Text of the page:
Since Boris Johnson exclaimed ‘F***k business’ when asked about industry’s concerns over Brexit, the natural relationship between businesses and the Conservative Party has slightly unravelled.
But will a potential Labour government prove any more supportive to Britain’s beleaguered manufacturers and retailers?
The home delivery expert ParcelHero has been reading the runes of Labour’s shadow cabinet reshuffle to see if there is any indication an incoming Labour government would be more willing to support manufacturers and retailers. It says there are signs that business relationships could be prioritised.
ParcelHero’s Head of Consumer Research, David Jinks M.I.L.T., says: ‘The Conservative Party has traditionally been seen as the party of small businesses, with low tax policies aimed at encouraging entrepreneurialism and business expansion.
‘However, many businesses are concerned “getting Brexit done” came with a huge price, in terms of new fees and red tape for UK exporters. Brexit aside, retailers are anxious about the return of sky-high business rates after a Covid “holiday”, and some businesses haven’t forgiven the Conservatives for the financial turmoil that followed Liz Truss and Kwasi Kwarteng’s ill-advised mini-budget a year ago.
‘But would British businesses be any happier with a Labour government? What can we tell about its attitude to business from this week’s reshuffle?
Jonathan Reynolds – business and trade
‘Jonathan Reynolds has been appointed Labour’s new shadow business and trade minister. Reynolds was previously in charge of business and industrial strategy. He indirectly replaces Nick Thomas-Symonds, who was shadow minister for international trade and is now shadow minister without portfolio.
‘So what does this mean for business? Firstly, it’s good news that Labour has bumped-up the importance of business and trade. This was overdue, as it reflects changes in the Conservative government’s cabinet earlier this year when Kemi Badenoch became secretary of state for business and trade as well as retaining her existing role as secretary of state for international trade.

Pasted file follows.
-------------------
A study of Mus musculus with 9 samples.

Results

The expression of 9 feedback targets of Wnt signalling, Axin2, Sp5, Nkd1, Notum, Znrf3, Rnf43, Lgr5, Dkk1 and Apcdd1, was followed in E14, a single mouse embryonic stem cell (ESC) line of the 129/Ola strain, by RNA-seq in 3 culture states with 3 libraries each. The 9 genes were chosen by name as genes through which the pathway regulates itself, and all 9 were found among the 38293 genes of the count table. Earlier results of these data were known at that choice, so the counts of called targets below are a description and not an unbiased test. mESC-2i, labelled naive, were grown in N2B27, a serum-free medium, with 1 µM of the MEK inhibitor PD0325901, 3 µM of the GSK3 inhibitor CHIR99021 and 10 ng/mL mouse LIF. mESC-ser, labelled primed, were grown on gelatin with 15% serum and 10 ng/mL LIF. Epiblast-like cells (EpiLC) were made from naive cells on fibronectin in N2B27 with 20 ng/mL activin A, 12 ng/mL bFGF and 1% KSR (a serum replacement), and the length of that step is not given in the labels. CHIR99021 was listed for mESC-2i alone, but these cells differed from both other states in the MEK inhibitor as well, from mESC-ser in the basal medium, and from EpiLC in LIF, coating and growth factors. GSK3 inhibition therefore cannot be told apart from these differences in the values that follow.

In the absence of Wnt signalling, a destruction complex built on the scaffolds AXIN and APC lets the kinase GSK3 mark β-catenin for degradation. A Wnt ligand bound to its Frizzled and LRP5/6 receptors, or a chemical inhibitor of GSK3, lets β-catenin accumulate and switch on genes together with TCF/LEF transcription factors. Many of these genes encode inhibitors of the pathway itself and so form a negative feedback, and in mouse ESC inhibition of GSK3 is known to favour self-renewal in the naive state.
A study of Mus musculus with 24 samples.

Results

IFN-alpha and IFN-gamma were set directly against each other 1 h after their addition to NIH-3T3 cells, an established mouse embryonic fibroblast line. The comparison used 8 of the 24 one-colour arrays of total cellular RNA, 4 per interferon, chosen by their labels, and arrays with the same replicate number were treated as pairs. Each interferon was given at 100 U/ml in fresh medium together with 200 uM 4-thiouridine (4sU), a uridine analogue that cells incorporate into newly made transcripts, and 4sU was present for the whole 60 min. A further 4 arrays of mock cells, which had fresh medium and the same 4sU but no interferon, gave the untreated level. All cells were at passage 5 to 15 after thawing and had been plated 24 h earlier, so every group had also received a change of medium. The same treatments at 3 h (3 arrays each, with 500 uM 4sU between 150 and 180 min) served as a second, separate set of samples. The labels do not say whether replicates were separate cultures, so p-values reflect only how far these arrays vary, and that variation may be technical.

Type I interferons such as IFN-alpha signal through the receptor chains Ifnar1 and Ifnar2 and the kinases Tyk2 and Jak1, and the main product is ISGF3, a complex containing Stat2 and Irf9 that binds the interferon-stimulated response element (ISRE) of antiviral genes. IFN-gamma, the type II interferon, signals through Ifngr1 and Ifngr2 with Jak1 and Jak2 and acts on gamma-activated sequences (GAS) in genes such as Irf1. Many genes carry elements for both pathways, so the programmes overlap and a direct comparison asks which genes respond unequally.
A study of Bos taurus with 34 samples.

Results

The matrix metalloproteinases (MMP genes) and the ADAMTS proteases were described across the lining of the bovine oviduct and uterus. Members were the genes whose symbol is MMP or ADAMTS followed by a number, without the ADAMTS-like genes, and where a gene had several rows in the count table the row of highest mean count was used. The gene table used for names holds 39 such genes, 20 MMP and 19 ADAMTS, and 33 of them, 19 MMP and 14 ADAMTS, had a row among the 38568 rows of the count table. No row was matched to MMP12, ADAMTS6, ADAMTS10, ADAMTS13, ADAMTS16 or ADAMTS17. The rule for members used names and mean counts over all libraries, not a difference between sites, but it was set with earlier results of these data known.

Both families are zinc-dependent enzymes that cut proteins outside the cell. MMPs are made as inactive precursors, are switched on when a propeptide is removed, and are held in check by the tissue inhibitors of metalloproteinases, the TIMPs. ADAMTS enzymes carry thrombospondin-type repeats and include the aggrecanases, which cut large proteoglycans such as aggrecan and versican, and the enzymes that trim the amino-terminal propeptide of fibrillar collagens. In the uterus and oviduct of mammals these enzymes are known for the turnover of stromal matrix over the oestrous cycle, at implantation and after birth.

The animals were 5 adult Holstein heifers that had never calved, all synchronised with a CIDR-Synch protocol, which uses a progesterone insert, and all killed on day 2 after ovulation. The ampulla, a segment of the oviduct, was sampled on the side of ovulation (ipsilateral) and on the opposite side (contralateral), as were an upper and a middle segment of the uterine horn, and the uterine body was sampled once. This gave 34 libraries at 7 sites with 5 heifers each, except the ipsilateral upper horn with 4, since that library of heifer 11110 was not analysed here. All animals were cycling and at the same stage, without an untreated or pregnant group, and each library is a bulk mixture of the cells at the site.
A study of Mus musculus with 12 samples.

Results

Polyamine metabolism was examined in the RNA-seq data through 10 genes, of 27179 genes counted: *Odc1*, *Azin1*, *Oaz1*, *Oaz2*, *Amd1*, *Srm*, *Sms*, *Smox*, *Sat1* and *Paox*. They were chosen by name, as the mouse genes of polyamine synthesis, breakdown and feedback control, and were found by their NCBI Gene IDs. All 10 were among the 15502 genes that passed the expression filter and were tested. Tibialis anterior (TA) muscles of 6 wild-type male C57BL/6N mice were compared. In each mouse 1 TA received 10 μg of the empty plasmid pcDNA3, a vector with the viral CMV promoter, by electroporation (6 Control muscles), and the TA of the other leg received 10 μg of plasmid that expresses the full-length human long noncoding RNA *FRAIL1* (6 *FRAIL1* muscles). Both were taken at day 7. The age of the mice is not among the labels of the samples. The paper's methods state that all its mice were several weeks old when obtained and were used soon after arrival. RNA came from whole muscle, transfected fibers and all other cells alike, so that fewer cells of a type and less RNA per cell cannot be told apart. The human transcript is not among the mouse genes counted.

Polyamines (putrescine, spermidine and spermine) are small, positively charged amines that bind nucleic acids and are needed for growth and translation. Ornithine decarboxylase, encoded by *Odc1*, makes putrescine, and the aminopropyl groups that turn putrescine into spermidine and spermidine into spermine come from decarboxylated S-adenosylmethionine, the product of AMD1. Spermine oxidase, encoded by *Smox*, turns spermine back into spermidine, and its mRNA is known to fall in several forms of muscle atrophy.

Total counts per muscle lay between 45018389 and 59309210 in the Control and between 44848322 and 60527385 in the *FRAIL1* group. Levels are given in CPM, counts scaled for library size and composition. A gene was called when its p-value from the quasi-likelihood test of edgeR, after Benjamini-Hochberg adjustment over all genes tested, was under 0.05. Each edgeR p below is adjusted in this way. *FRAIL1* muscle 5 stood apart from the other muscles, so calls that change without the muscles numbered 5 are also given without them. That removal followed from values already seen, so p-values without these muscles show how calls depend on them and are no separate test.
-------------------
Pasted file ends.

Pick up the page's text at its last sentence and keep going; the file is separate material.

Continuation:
‘How does Jonathan Reynolds compare to Kemi Badenoch who is, undoubtedly, a rising star of the Conservative party?
‘Reynolds is thought to be a more moderate figure and was once described by “City AM”’s former Editor, Christian May, as “popular in the Square Mile”. That’s not something that could be said of every Labour trade shadow minister.
‘Usefully, in terms of businesses’ increased emphasis on greening supply chains, Reynolds has previously been shadow minister for energy and climate change, as well as shadow minister for transport, which will please logistics companies who would like to see more awareness of the role of supply chains in business.
Louise Haigh – transport
‘It’s probably reassuring for many businesses that Louise Haigh retains her role as shadow transport minister. Certainly, it’s been a revolving door within the Conservative cabinet. Haigh is a strong proponent of electric vehicle manufacturing and establishing new UK battery production plants. In June, she visited Shepherd Distribution in Sheffield and discussed rising costs, skills shortages and the lack of HGV facilities.
‘However, she is also a keen supporter of the re-nationalisation of railways. That’s not such a popular position among the growing number of rail freight operators who are helping to take the strain off Britain’s road network with increased rail haulage.
‘In terms of green business and transport polices, it’s interesting to see that a Labour “big-hitter”, former leader Ed Miliband, has moved to energy security and net zero. That’s likely to mean a renewed emphasis on green policies at a time when some people are concerned the government might we wobbling on its ambitious net zero plans.
‘Finally, it’s interesting to see that Steve Reed has been appointed shadow secretary of state for environment, food and rural affairs, after the widely respected Jim McMahon stood aside due to ill health.
‘Reed is known as a long-standing advocate of climate action, and he helped establish the sustainable energy co-operative Repowering. On the other hand, he was one of the first opposition MPs to blame the loss of the Uxbridge and South Ruislip by-election earlier this summer on Labour mayor Sadiq Khan’s expansion of London’s Ultra Low Emission Zone.
‘Businesses looking to the reshuffle for pointers about a future Labour government’s attitude to business are unlikely to have seen anything to frighten the horses. Equally, however, there isn’t an inspirational figure who will be certain to fight their corner, come what may. For UK businesses, the best result is likely to be business as usual.
‘To discover more about the challenges facing British retail businesses, and how they are changing to adapt to new market conditions, see ParcelHero’s study on the High Street of the future.’